Originally Posted by klspahr
Maybe Duckogram could elaborate on the viewpoint of "Lack of use can be as bad as abuse."
No problem elaborating however the following list is conditional and not all inclusive. The reason being variables such as, but not limited to, how, when and where the coach was used. How, when and where it was stored. How the Coach was maintained.
Rubber - Tires, belts, seals, gaskets and hoses. Why? Because they deteriorate. Ten (5+) year old tires, belts and hoses can and should be replaced. That can be done for about three thousand dollars, or less if you can do it yourself. The real problem lies with internal seals and gaskets that are expensive and/or labor intensive to replace. Why? When a seal/gasket dries out the possibility of hardening or cracking increases. Additionally, the machined surface they contact can be subject to corrosion. That combination can cause premature wear and subsequent early failure of the part. So instead of a part with a normal useful life of 100k - 150k mi, it now may only last half of that. These are things that you cannot spray with protectant to maintain them.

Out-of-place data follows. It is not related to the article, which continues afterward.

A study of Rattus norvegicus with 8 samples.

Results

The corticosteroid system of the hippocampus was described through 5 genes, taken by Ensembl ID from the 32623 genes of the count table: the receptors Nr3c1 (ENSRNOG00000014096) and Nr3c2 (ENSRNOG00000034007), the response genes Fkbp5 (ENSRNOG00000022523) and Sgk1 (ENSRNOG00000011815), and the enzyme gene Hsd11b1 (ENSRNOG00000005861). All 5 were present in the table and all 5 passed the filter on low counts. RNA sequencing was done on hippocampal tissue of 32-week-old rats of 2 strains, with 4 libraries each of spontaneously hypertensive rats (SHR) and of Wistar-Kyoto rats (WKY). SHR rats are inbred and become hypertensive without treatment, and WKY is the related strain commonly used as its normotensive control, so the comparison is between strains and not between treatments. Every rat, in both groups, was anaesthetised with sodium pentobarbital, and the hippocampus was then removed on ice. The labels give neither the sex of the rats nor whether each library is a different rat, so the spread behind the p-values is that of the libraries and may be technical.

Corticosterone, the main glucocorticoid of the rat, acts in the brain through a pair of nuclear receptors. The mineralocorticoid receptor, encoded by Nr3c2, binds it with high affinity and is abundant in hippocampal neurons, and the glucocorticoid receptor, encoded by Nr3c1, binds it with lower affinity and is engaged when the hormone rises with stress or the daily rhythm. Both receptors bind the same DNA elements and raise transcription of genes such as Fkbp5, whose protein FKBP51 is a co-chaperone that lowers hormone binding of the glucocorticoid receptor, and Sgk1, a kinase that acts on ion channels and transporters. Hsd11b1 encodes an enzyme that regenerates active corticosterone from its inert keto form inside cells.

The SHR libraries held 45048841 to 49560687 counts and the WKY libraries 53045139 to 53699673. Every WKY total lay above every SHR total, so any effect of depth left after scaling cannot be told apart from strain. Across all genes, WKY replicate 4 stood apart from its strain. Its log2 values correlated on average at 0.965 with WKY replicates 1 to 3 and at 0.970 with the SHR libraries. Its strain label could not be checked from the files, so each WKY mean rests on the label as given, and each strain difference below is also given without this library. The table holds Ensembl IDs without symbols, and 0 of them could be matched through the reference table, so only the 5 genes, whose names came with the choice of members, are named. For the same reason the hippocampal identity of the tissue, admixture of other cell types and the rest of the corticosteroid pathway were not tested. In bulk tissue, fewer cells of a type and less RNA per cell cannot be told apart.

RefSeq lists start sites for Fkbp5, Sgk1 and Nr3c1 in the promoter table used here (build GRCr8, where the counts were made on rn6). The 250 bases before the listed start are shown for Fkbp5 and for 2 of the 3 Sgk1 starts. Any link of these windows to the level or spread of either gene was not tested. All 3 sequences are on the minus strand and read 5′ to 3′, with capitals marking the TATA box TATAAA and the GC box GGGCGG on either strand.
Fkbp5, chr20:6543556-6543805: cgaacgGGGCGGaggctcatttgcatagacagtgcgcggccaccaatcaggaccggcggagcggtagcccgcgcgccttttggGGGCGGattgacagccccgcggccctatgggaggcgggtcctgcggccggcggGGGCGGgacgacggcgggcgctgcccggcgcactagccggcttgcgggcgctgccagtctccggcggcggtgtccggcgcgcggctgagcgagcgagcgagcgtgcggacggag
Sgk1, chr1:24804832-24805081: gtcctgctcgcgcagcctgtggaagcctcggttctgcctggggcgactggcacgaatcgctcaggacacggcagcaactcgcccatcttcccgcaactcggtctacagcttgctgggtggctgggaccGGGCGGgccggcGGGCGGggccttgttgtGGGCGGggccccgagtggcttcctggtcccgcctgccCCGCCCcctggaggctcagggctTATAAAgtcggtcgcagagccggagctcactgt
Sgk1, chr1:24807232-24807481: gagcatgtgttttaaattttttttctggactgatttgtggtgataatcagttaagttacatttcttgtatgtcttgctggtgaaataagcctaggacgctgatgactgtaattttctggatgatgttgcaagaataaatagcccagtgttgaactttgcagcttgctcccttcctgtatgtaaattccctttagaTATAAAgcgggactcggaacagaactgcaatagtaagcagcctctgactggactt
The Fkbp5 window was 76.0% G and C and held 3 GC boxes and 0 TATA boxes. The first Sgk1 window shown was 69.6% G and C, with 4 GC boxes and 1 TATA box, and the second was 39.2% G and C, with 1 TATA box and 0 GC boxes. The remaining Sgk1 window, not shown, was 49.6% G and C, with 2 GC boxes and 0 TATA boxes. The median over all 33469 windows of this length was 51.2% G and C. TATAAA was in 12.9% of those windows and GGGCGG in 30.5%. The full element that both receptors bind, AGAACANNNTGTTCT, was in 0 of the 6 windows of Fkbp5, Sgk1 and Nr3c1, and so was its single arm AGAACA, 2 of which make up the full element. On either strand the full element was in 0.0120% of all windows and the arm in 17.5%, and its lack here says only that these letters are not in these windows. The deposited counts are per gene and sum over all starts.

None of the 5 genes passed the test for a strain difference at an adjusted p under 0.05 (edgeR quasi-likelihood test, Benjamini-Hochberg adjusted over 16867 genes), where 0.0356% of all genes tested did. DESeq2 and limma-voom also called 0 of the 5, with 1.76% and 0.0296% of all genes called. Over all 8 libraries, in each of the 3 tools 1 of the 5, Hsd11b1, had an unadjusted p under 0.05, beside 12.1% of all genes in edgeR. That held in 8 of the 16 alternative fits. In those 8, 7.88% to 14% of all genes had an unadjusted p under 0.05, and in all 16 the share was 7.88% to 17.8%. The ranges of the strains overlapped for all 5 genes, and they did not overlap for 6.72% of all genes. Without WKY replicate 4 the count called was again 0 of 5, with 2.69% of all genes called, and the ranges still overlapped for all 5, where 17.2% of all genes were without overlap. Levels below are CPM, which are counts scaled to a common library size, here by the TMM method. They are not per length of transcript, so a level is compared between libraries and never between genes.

Braking System - Corrosion is the problem here. That includes pistons and linings in the calipers and cylinders. Got ABS? You might have problems with that too. Lets not forget that cable actuated emergency brake.
General Corossion - Internal parts such as control cables, fan motors, compressors, valves, pistons, bearings, bearing races, gears, bands and switches. They all become more susceptible to exposure to the elements when not exercised on a regular basis.
The Generator - Rather than stating the obvious, I will simply ask; What are the chances this expensive piece of equipment was maintained properly?
Lubricants and Coolants - Oils, Brake Fluids and Anti-Freeze collect contaminants. Over time, the acidic buildup can eat away at the systems they were designed to be use in. The big question here; Is there documentation showing that these fluids were changed in accordance with the manufacturers guidelines?
So the bottom line is you may be taking a big chance. As long as you know that and pre purchase consideration is given to the uncertainty of it all, you would probably be OK.
I do not think I need to elaborate on what the effects of abuse are.
I hope this helps the OP with the choice.
Note: In 2010 I bought a 2003 Jayco from an estate. The unit had not been used since 2005. The above reflects some of my experiences.